Sixth Circuit Affirms Dismissal Of Aspiring NBA Player Agent’s Suit Alleging NBPA And NBA Conspired To Prevent Him From Becoming An Agent
01/18/2023On December 30, 2022, the United States Court of Appeals for the Sixth Circuit unanimously affirmed the district court’s dismissal of an aspiring National Basketball Association (NBA) player agent’s suit against the National Basketball Players Association (NBPA) and the NBA. Rosel C. Hurley III v. National Basketball Players Association, et al., No. 22-3038 (6th Cir. Dec. 30, 2022). Plaintiff alleged that the NBPA and NBA conspired to exclude him from the marketplace for NBA player agents. The Sixth Circuit affirmed the district court’s dismissal, because it viewed the NBPA and NBA’s alleged actions as exempt from antitrust scrutiny under both the statutory and non-statutory labor exemptions to the Sherman Act.
Plaintiff alleged that the NBPA and the NBA engaged in conspiratorial conduct when they rescinded their approval for plaintiff to take an online exam that he was required to pass to become a certified player agent. In his application to take the exam, plaintiff disclosed that he had his law license suspended by the Ohio Supreme Court. Although the NBPA initially permitted him to take the exam, it allegedly rescinded the approval citing plaintiff’s disciplinary history. Plaintiff sued arguing “[d]efendants’ actions … would cause a reasonable person to believe that the [NBPA was] acting in concert with and at the behest of a non-labor member or group, [the NBA,] in order to ensure [plaintiff’s] exclusion from the marketplace the [d]efendants completely control.” The district court dismissed this complaint as “[i]t viewed the NBPA’s alleged actions as statutorily exempted from the Sherman Act, and the NBA’s purported actions as nonstatutorily exempted from the same.”
The Sixth Circuit agreed with the district court and unanimously affirmed. Writing for the panel, Judge Chad A. Readler wrote that the case “boil[ed] down to one issue: whether [plaintiff] proffered viable Sherman Act claims.” Accepting all plaintiff’s well-pleaded allegations as true, the panel held that “[b]asic principles of antitrust law foreclose [plaintiff’s] claims.” The panel noted that although the Sherman Act prohibits monopolizing or unreasonably restraining trade, the Act does have exceptions. One actor broadly exempted from the Act’s prohibitions are labor unions, and, as an extension of that, collective bargaining agreements between unions and their business actor counterparts. To overcome this exception, plaintiff would need to plausibly allege that the collective bargaining agreement itself was not conducted in self-interested ways.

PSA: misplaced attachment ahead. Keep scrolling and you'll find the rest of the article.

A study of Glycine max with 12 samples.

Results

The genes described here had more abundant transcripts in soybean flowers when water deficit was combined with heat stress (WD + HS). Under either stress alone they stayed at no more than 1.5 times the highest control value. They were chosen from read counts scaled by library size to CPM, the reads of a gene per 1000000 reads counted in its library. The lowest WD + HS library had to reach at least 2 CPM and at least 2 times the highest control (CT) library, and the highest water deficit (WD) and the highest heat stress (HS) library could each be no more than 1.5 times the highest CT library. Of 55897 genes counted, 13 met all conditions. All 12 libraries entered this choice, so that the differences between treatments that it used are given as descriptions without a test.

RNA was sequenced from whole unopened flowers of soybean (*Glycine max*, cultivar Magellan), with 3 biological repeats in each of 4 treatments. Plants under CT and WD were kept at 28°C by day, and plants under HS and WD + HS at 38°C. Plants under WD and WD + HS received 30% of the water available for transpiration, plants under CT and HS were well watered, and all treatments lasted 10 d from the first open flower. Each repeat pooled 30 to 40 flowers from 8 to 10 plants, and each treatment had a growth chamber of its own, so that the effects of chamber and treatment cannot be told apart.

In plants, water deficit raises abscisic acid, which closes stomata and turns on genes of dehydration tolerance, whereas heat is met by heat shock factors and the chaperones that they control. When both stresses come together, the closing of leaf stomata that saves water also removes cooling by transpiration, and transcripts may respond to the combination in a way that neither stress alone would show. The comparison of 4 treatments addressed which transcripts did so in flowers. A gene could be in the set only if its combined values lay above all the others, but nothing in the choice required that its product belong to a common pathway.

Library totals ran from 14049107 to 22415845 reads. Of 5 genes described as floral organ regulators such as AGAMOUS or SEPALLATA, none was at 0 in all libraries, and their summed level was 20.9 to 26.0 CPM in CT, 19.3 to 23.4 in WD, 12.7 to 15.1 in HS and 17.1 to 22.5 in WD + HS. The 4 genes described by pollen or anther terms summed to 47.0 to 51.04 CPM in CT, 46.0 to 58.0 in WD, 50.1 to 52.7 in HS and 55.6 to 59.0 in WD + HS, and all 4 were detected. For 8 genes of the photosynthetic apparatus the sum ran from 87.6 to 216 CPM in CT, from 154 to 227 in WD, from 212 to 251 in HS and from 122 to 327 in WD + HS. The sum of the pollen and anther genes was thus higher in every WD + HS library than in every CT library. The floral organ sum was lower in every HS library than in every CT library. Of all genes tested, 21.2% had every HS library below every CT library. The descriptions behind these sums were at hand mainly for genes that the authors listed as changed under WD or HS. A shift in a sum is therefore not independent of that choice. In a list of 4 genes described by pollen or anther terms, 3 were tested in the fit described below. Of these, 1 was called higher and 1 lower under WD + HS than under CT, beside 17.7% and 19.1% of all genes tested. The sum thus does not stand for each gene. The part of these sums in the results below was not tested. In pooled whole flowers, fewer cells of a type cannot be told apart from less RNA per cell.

Plaintiff failed to plausibly allege facts to state that claim. The Court noted that although the exception “has not been extended to situations where unions are aiding non-labor groups to create business monopolies and control the marketing of goods,” plaintiff failed to allege that is what occurred. Plaintiff’s only assertion to this end was that “a reasonable person would assume” the NBPA’s recission was a result of the NBPA and NBA conspiring to restrain trade. The Court held that it “need not credit this conclusory statement as true” and that “it would not make sense to do so” given the policy generally favoring collective bargaining and free competition in business markets. Ultimately, the bargained agreement between the NBPA and NBA was protected from plaintiff’s claims, even if he could have identified anticompetitive consequences arising from the agreement.